Writing historical fiction can be a bit of a challenge, especially when one is writing about a period as strange and wild as 19th century America. It was a monstrous time of social and racial oppression, outrageous financial shenanigans, environmental catastrophies, grinding poverty and the lack of any kind of meaningful social safety net—not at all like the world we live in today.
That was a joke, son. Just in case you missed it.
It is often said that the difficult part of writing historical fiction is resisting the temptation to put all your research into what you’ve written. The implication is that the writer, having slaved over many a dusty tome, wants to show off a bit—because really, what other reward is there? But I think the truth is a bit different. I think the writer of historical fiction comes forward, Cassandra-like, bearing an insight that is often given lip-service to but is actually understood all-too-infrequently: that there are crucially important lessons that we as a nation and a civilization and a species keep getting pounded over the head with, and yet we simply do not learn. It’s evocative of the old chestnut, “Those who cannot remember history are doomed to repeat it.” But I find that statement a bit wishy-washy for my taste. I think it needs a bit more force, vis: “Darlings, if you can’t bother yourself to learn from history, then you deserve whatever the hell you get.”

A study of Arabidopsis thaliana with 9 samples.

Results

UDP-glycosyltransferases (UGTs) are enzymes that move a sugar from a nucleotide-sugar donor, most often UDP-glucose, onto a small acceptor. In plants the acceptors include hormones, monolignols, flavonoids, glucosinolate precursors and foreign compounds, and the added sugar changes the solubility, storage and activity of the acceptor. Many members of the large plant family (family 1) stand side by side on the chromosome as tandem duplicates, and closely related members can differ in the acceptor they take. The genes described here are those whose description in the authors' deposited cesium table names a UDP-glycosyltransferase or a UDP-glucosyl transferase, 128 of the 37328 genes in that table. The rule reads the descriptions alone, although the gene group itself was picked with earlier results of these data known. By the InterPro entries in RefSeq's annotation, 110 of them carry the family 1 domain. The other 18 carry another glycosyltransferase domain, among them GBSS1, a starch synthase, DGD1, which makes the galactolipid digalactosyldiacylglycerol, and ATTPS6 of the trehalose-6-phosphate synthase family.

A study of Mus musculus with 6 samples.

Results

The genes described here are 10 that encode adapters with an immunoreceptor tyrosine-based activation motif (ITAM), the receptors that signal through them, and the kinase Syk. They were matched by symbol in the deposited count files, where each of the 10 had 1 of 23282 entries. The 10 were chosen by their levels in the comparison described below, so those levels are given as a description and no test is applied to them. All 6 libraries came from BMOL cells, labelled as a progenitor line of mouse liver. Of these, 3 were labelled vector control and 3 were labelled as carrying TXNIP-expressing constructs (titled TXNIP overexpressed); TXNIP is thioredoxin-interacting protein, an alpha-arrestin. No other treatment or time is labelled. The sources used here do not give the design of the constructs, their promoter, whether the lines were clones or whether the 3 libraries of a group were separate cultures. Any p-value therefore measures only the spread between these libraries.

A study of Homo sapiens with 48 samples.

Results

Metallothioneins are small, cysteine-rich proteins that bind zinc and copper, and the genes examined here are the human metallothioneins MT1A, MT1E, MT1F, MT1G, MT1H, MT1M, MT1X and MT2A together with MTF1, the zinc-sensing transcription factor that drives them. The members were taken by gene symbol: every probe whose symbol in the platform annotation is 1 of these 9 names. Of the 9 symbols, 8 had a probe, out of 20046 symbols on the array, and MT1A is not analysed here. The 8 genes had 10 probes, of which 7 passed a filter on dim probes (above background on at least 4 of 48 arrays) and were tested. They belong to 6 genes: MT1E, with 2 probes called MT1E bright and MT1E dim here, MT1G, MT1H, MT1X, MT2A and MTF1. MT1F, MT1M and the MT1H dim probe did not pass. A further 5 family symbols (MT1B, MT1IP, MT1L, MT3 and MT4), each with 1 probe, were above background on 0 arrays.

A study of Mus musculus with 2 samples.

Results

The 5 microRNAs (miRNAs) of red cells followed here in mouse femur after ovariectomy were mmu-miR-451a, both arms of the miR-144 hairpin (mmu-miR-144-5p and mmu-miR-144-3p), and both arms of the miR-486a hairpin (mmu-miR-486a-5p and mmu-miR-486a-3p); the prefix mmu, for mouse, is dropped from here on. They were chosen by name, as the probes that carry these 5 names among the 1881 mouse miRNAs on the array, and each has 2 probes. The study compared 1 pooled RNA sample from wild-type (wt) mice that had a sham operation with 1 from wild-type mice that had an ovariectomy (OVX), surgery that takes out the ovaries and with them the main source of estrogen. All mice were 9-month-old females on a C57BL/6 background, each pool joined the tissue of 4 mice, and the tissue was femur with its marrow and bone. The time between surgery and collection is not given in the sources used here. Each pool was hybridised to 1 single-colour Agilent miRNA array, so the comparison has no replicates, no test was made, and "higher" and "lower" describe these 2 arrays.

I chose to write about America in the 1870s for several reasons. First, it was the time in our history when the institutions which would come to be known as uniquely “American”—including mass media, free market capitalism, the cult of celebrity, and consumerism—flowered in a way never seen before. Second, with the Civil War a decade past and a hundred years of history under our belt, there was a newfound sense that America was a country with a larger destiny—a global destiny. While America would remain largely isolationist for many years to come, I think the idea that this incredibly rich country could become a new kind of empire—one founded on luck and pluck and steam-powered innovation—was born in 1876 at the Philadelphia Centennial Exposition, inspired by marvels like the Corliss Engine, the typewriter, and Alexander Graham Bell’s telephone.
And last (but not least) the clothes were just to die for. (Corsets notwithstanding.)
With so many important elements of history intersecting in 1876, I could have written a couple of much longer and drier books. But I’ve found that readers tend to get a bit tetchy when the drama, adventure, and romance are put on hold in favor of exposition describing the far-reaching financial and political ramifications of the gold standard. But while I’ve curbed the urge to expound on these historical events within the text, such pedantic instincts cannot be held in check forever. Thus, I’ve decided to write this series of articles, in which I will provide a humorous and most likely incredibly slanted view of the major historical events referenced in The Native Star. I hope they will enhance the enjoyment of those who know little about these events, and I expect they will also spark debate amongst those who are intimately familiar with the events in question (historical afficionados being a notably picky and quarrelsome lot.)
And before you even say anything, yes, I know the Elevated Railroad didn’t run through Chatham Square until 1880. But I liked having it there, and so there it stands in 1876. Because in a 19th century America with magic, everything happened earlier, faster, and more interestingly. You’ll just have to take my word for it.